Advice re: Star Trek NCC 1701-D Model


New Member
Hi all - just wondered if there's anyone who might be able to give a bit of advice for a model build. It's the first time I'm going to build anything that isn't snap-together. I've got some Vallejo paints, I've got glue, I've got paintbrushes. I've got sandpaper. And I've just ordered some putty for the joints. Whether I make a good job of it remains to be seen, but I'll give it a good go! What I'm really not clear on is whether I should put 'primer' on or not, and if so what that primer should be. There seems to be completely different views across the community, with some saying you should, and some saying don't bother for a model ship like this, particularly since it's already the 'correct' color. And if I do use primer? What should I use? Is something like this the right sort of thing:


Thanks in advance for any advice!
 


Active Member
Plastic usually looks like plastic so some after treatment gives a better impression even if it's just a dullcote if it's a large surface model like this. I have painted directly on some small (palmsize models) utilizing the bare plastic colour, but it kind of depends on how you feel about it. I kind of regret it today, but it was fun when I did it. :)

Given how injection molding works you will have some "dimples" or sink marks, possible push marks and swirls in bare plastic besides that typical sheen. As soon as you do any puttywork and such as well as sanding you will want to paint it. Primer is to give you 1) an even surface and 2) provide more bite for the layers to follow. I have not used plasti-kote, but there are a lot of good automotive primers that are cheap and good and someone else can probably tell you about this brand. Also it's not entirely necessary to use a different paint on top if you have a primer that looks the way you want. Primer is usually sandable so it's a good way to get a really smooth base for fine top coat.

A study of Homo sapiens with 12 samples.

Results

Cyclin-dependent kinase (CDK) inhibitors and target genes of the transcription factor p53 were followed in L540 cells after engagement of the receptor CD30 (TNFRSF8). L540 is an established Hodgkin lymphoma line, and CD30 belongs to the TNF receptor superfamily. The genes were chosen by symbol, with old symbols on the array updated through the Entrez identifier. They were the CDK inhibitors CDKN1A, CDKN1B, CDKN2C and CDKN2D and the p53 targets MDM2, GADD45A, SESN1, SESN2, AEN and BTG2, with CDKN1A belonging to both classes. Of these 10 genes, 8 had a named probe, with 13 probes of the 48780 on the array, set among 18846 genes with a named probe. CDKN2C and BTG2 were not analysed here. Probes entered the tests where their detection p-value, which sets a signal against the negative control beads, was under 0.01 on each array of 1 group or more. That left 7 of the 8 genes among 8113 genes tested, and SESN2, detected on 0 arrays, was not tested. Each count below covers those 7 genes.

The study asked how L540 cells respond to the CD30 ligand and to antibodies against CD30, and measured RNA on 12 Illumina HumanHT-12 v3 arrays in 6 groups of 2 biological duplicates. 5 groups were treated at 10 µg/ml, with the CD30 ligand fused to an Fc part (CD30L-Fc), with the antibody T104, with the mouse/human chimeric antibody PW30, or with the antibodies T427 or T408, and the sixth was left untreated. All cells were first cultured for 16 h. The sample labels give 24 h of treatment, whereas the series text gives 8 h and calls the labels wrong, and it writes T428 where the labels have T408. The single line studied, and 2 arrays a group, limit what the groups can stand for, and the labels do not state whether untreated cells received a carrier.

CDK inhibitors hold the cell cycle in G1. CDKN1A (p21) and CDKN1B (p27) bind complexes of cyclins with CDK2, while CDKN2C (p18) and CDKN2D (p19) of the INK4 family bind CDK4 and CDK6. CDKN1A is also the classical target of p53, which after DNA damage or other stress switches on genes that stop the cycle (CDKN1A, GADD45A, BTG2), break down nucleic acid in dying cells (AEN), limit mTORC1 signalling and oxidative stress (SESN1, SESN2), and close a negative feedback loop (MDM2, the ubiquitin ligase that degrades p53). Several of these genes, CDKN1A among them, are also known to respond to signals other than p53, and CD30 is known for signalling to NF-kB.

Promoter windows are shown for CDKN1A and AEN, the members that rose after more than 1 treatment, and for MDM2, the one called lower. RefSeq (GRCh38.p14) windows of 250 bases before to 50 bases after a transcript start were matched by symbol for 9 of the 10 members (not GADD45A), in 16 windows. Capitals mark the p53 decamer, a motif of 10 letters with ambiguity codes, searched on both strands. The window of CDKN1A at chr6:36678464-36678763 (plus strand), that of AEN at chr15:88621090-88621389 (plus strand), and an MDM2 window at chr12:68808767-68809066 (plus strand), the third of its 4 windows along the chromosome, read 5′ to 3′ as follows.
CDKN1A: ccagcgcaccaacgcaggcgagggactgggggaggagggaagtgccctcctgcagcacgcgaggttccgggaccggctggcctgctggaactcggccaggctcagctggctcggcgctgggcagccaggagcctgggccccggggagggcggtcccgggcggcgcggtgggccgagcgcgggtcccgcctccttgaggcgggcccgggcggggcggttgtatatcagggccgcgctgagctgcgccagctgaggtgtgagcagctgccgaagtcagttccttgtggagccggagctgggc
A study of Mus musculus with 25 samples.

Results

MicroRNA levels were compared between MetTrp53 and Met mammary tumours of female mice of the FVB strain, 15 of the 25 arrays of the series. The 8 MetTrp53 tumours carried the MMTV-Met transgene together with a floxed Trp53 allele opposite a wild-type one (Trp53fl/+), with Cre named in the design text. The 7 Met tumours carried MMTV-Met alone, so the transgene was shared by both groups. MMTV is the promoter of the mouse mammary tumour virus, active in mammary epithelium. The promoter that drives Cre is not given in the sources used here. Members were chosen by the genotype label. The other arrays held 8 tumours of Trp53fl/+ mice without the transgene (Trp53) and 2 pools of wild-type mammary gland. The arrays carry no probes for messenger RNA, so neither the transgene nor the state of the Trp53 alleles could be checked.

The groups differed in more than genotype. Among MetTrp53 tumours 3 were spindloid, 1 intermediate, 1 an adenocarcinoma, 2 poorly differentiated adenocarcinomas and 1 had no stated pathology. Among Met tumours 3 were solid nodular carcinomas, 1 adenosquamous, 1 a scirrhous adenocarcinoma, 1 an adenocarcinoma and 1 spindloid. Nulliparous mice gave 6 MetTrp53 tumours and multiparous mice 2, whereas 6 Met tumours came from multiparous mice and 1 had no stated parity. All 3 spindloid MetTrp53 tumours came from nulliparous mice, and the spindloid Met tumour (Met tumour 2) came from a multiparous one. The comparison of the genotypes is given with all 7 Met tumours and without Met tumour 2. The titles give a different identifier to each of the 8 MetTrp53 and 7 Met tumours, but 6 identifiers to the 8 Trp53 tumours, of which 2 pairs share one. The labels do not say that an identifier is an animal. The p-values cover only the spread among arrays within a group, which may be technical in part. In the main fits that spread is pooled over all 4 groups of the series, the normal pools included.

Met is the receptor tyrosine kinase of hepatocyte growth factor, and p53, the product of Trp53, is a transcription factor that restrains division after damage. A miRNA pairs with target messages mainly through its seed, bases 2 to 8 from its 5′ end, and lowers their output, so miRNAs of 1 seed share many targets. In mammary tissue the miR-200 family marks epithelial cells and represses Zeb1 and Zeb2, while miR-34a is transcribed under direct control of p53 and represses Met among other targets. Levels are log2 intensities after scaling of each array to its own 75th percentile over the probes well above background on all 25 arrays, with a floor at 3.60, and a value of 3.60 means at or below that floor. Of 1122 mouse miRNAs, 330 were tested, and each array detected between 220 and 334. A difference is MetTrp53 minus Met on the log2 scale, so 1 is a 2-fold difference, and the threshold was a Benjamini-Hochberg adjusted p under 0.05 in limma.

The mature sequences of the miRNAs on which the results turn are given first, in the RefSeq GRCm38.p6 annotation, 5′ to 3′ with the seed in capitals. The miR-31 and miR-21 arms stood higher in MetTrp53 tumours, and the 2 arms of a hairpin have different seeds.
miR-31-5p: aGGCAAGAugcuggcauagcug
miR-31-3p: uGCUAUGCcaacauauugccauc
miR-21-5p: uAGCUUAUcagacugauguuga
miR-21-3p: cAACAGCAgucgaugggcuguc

As for good spray colours I would push Montana (acrylic) sprays for really high quality pigments at a very low price compared to hobby specific stuff. Make sure to buy a pack of different nozzles and you are set with pretty good control lest you use an airbrush. They even have a nice plastic primer that I use as well as matte and gloss varnish. The only limit with this brand is finding specific hues that correlate to specific subjectmatter.
 

Analyzer

Sr Member
My fear with using base color plastic is that it may not age well. i.e. the plastic may yellow over time. I am not sure if this applies as much to styrene as some other types of plastic or not.

And as mentioned, if you will be gap filling, then priming is a must as some finishing paints may not stick well to the putty vs primer, plus you want to cover up the color variations in the putty with at least a base coat if not primer.

And if you are lucky and find the right color, your base coat can be your primer

The other thing I like about painting better is that you can naturally get subtle variations in tone, especially if going over a darker primer color. For me this give a bit more of a realistic surface look over bare plastic, even if the plastic is dull coated

One more thing to consider is whether you are lighting the kit or not. If so, then having a layer of primer and paint will help with light leakage far better than bare plastic

As far as brand for primer, pretty much anything works. Most people gravitate toward hobby specific primers (Tamiya, Army Painter, Stylenrex etc..) or cheaper automotive primers because they tend to yield a smoother finish
 

Riceball

Master Member
Personally, I've always primered everything that I was going to paint, from model kits to props. As far as what primer to use, I've always had good results using Testors primer in the past and I think I've also used Citadel branded primer as well.